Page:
Mamdani Law, PLLC

Trademark | Houston Business Attorney | Mamdani Law PLLC


 

"Trademark registration puts the rest of the world on notice that you claim ownership of the mark in commerce in connection with the relevant goods or services."

 

trademark Application 

Although not required prior to filing an application, you are encouraged to search the USPTO's trademark database to see if any mark has already been registered or applied for that is similar to your mark and used on related products or for related services. If your search yields a mark that you think might conflict with your mark, you should then check status to see if the application or registration is still "live," since any "dead" mark cannot be used to block a new application.

A complete search is one that will uncover all similar marks, not just those that are identical. In this regard, searching for trademark availability is not the same as searching to register a domain name. A domain name search may focus on exact or "dead on" hits, with no consideration given to similar names or use with related products and services. Basically, a domain address is either available or it is not.


Office Action

There are two types of Office actions: non-final and final actions. A non-final Office action raises an issue for the first time. A final Office action issues when the applicant's response to the prior Office action fails to address or overcome all issues. An applicant's response to a final Office action generally is either compliance with the requirements or an appeal to the Trademark Trial and Appeal Board.

An examining attorney sends an Office action to notify an applicant about issues with his or her application. This type of action will include the reason why registration is being refused or what requirements must be satisfied. In most cases, the applicant must respond to an Office action within 6 months from the date the Office action is issued or the USPTO will abandon the application, the application fee will not be refunded, and your mark will not register.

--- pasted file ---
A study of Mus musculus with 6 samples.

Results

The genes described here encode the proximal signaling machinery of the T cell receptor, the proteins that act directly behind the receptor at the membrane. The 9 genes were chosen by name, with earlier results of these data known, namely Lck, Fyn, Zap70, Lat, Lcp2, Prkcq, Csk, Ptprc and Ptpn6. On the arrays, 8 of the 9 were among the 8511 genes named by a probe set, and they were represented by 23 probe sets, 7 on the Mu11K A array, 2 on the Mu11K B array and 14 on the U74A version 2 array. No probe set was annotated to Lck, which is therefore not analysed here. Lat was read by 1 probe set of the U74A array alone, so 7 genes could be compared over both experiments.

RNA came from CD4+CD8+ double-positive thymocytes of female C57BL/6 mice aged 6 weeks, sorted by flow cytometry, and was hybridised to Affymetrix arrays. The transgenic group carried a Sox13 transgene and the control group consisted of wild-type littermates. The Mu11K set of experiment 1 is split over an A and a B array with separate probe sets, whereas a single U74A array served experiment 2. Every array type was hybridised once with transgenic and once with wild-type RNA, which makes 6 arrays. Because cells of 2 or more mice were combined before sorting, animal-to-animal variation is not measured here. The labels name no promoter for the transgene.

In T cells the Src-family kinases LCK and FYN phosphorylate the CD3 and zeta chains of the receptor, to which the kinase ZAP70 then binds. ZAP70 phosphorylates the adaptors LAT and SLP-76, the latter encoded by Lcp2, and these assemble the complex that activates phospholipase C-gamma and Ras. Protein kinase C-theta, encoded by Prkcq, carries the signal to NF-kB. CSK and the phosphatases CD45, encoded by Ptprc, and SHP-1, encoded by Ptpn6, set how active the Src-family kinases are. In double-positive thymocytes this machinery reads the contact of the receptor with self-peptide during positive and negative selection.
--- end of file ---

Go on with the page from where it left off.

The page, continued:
International trademark

Trademark Electronic Application Submission International (TEASi) is an e-filing system that allows for the filing of the forms required under the Madrid Protocol to the United States Patent and Trademark Office (USPTO). The Madrid Protocol is an international treaty that establishes a framework for the international registration of trademarks. It allows a trademark owner to file for registration in any of the countries (called Contracting Parties) that have joined the Madrid Protocol by filing a single application, called an “international application” or “Madrid application.” The international application is based on an application or registration in the trademark owner’s own country (a basic application or basic registration).

The International Bureau (IB) of the World Property Intellectual Organization (WIPO) administers the international trademark applications under the Madrid System for the International Registration of Marks (the Madrid System). TEASi allows USPTO customers to submit electronic forms for the filing of an application for international registration, subsequent designation, request for transformation, request to note replacement, and response to a notice of irregularity issued by the International Bureau of WIPO


Maintaining registration

After a registration issues, to keep the registration "alive" or valid, the registration owner must file specific documents and pay fees at regular intervals. Failure to file these documents will result in the cancellation of your registration. Between the 5th and 6th year after the registration date the owner must file a Declaration of Use or Excusable Non-use under Section 8. This declaration requires a fee. The filing may also be made within a 6-month grace period after the expiration of the 6th year with the payment of an additional fee. Failure to file this declaration will result in the cancellation of the registration.

The Section 8 declaration may be combined with an optional Section 15 declaration of incontestability. Between the 9th and 10th year after the registration date and every 10 years thereafter, the owner must file a Combined Declaration of Use or Excusable Non-use and Application for Renewal under Sections 8 and 9. This filing requires a fee. The filing may also be made within a 6-month grace period after the 10th year with the payment of an additional fee. Failure to file this declaration will result in the cancellation and/or expiration of the registration.